Figures released by the Department for Health this afternoon show another 58,899 coronavirus cases have been recorded over the past 24 hours, while the death toll has risen by 193
Britain’s coronavirus situation is continuing to improve, with cases, deaths and hospitalizations all down compared to last week.
The country has recorded another 58,899 coronavirus cases over the past 24 hours, while the death toll has risen by 193.
The latest official figures, released by the Department for Health this afternoon, show a 29% decrease on confirmed infections for this week compared to the previous seven days.
Last Friday (February 4) saw a total of 84,053 cases recorded – meaning today’s figures are 29% down compared to a week ago.
Deaths, meanwhile, decreased from 254 – or by 24% – in a week, while weekly hospitalizations are down 11% to 9,998.
Case numbers have substantially dropped since peaking around New Year’s – with 245,182 recorded on January 4.
Lancashire Evening Post/SWNS)
However, the lag between catching Covid and falling ill, and then falling seriously ill and dying, means death rates were initially spiking in the weeks after.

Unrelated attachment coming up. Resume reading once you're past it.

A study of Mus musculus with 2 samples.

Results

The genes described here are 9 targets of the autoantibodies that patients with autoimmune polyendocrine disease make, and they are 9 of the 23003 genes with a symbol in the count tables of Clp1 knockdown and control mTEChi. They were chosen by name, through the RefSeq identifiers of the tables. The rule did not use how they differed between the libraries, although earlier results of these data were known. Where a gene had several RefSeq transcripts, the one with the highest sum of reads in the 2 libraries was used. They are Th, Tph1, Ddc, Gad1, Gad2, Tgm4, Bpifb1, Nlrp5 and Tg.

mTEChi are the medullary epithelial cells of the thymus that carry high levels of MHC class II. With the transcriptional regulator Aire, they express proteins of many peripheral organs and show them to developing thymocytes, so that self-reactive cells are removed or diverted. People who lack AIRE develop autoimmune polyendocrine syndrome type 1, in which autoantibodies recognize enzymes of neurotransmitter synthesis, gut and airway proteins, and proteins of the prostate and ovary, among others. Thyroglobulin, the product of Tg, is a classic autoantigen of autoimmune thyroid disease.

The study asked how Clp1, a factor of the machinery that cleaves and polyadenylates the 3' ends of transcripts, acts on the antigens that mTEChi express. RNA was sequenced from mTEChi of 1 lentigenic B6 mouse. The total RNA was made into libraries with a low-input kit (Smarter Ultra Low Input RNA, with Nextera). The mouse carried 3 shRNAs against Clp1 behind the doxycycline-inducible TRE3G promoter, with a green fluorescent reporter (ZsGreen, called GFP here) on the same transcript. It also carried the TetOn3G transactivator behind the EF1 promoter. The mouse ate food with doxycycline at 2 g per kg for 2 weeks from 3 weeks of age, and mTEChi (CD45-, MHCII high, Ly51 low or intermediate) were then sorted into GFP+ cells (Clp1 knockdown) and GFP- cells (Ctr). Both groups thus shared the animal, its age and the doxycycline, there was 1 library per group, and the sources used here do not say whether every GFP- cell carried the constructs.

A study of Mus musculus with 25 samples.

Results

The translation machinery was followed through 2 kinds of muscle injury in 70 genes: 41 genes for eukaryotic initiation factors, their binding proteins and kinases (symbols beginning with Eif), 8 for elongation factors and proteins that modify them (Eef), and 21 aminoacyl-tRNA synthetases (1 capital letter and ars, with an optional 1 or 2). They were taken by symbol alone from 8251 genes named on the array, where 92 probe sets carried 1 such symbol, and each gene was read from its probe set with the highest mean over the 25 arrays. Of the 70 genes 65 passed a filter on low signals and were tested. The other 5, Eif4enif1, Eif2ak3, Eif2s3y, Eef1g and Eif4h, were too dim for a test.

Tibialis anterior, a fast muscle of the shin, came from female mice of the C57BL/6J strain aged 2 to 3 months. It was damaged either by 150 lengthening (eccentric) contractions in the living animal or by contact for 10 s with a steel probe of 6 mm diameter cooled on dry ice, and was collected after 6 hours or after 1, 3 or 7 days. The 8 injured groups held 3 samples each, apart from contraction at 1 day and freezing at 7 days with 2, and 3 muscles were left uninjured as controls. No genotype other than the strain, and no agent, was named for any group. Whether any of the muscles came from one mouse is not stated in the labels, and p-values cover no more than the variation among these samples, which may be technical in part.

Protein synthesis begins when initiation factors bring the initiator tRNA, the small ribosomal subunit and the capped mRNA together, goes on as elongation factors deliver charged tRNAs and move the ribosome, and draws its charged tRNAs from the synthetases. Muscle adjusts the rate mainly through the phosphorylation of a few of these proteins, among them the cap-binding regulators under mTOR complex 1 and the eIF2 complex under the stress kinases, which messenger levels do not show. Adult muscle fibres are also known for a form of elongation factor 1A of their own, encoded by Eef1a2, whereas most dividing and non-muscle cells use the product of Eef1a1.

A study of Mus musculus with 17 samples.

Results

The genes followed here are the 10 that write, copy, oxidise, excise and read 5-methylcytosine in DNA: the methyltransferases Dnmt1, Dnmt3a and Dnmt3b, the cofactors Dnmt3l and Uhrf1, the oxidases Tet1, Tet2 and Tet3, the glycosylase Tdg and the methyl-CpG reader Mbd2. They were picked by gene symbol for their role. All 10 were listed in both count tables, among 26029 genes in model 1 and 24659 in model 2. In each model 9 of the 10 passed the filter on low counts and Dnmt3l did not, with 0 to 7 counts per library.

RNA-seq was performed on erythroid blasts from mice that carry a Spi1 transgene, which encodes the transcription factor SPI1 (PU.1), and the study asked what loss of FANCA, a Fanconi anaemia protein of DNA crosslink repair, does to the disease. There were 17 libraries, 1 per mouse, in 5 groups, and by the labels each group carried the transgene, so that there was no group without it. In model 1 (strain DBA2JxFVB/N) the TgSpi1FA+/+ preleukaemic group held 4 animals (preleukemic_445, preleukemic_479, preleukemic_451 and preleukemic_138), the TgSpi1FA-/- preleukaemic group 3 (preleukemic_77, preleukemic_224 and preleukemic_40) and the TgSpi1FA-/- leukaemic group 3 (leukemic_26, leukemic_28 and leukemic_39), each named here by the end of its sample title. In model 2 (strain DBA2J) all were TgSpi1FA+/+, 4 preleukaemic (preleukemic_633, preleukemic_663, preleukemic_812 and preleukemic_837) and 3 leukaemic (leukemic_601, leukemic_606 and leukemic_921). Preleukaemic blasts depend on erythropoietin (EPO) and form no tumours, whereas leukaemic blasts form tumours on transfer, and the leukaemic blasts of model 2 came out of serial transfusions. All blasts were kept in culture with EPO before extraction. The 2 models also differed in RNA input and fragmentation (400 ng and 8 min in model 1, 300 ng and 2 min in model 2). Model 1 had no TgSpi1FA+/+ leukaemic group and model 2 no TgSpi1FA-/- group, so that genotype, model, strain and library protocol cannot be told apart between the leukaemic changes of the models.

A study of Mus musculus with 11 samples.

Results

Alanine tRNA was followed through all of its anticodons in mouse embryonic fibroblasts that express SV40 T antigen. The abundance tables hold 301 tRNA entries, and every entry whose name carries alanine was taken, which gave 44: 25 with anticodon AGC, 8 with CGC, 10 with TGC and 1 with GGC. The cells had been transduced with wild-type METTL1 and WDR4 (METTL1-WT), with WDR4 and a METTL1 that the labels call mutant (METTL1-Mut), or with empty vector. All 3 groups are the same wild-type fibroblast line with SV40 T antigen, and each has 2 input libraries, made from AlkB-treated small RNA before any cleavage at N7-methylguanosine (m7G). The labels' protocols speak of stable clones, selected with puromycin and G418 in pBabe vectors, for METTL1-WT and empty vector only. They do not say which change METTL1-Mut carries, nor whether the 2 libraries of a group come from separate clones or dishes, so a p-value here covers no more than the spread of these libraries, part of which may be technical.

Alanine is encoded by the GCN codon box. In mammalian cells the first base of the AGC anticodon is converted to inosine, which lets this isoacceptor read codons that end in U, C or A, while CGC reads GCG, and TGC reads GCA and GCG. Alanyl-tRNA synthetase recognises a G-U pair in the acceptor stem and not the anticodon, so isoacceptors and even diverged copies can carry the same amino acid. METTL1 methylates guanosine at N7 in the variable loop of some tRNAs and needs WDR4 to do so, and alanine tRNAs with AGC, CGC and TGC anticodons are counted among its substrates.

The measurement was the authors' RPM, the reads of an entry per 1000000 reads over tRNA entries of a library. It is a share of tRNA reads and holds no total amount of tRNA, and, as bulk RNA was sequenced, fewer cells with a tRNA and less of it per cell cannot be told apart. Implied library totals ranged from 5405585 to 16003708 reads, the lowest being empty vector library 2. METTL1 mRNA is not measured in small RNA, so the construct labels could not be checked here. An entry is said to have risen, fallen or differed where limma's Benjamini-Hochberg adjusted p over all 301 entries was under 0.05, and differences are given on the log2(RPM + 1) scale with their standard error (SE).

It comes amid news holidays to Spain are about to get that little bit easier for families.
The European hotspot is set to ease travel rules meaning unvaccinated children and teenagers can once again visit.
Under Spain’s current travel rules, UK travelers need to be fully vaccinated to enter the country.
However, this was causing a blocker for British families with children aged 12-17 who haven’t yet been double jabbed, as they couldn’t visit under the new rules.
Now, unvaccinated children aged 12-17 from the UK will be allowed into Spain from Monday, if they present a negative PCR test taken within 72 hours of arrival, Spain’s Secretary of State for tourism Fernando Valdés has told the BBC.
Meanwhile, Boris Johnson will hire a private lawyer if he is quizzed by police over the Partygate saga.
The Prime Minister is believed to have been at six parties being investigated by the Metropolitan Police, including a BYOB drinks do in the Downing Street garden, a birthday gathering in the Cabinet room, and a boozy bash in his No11 flat.
Mr Johnson is expected to appoint a private lawyer to defend him rather than relying on taxpayer-funded legal advisers.
The PM has reportedly lined up a legal expert, who will focus on the “unique” situation of Downing Street being his workplace and his home.
“The Prime Minister will not be winging it,” a source told The Times.
“He will take private legal advice. There are relevant considerations.
“He is in a unique legal situation because Downing Street is both his workplace and his home.”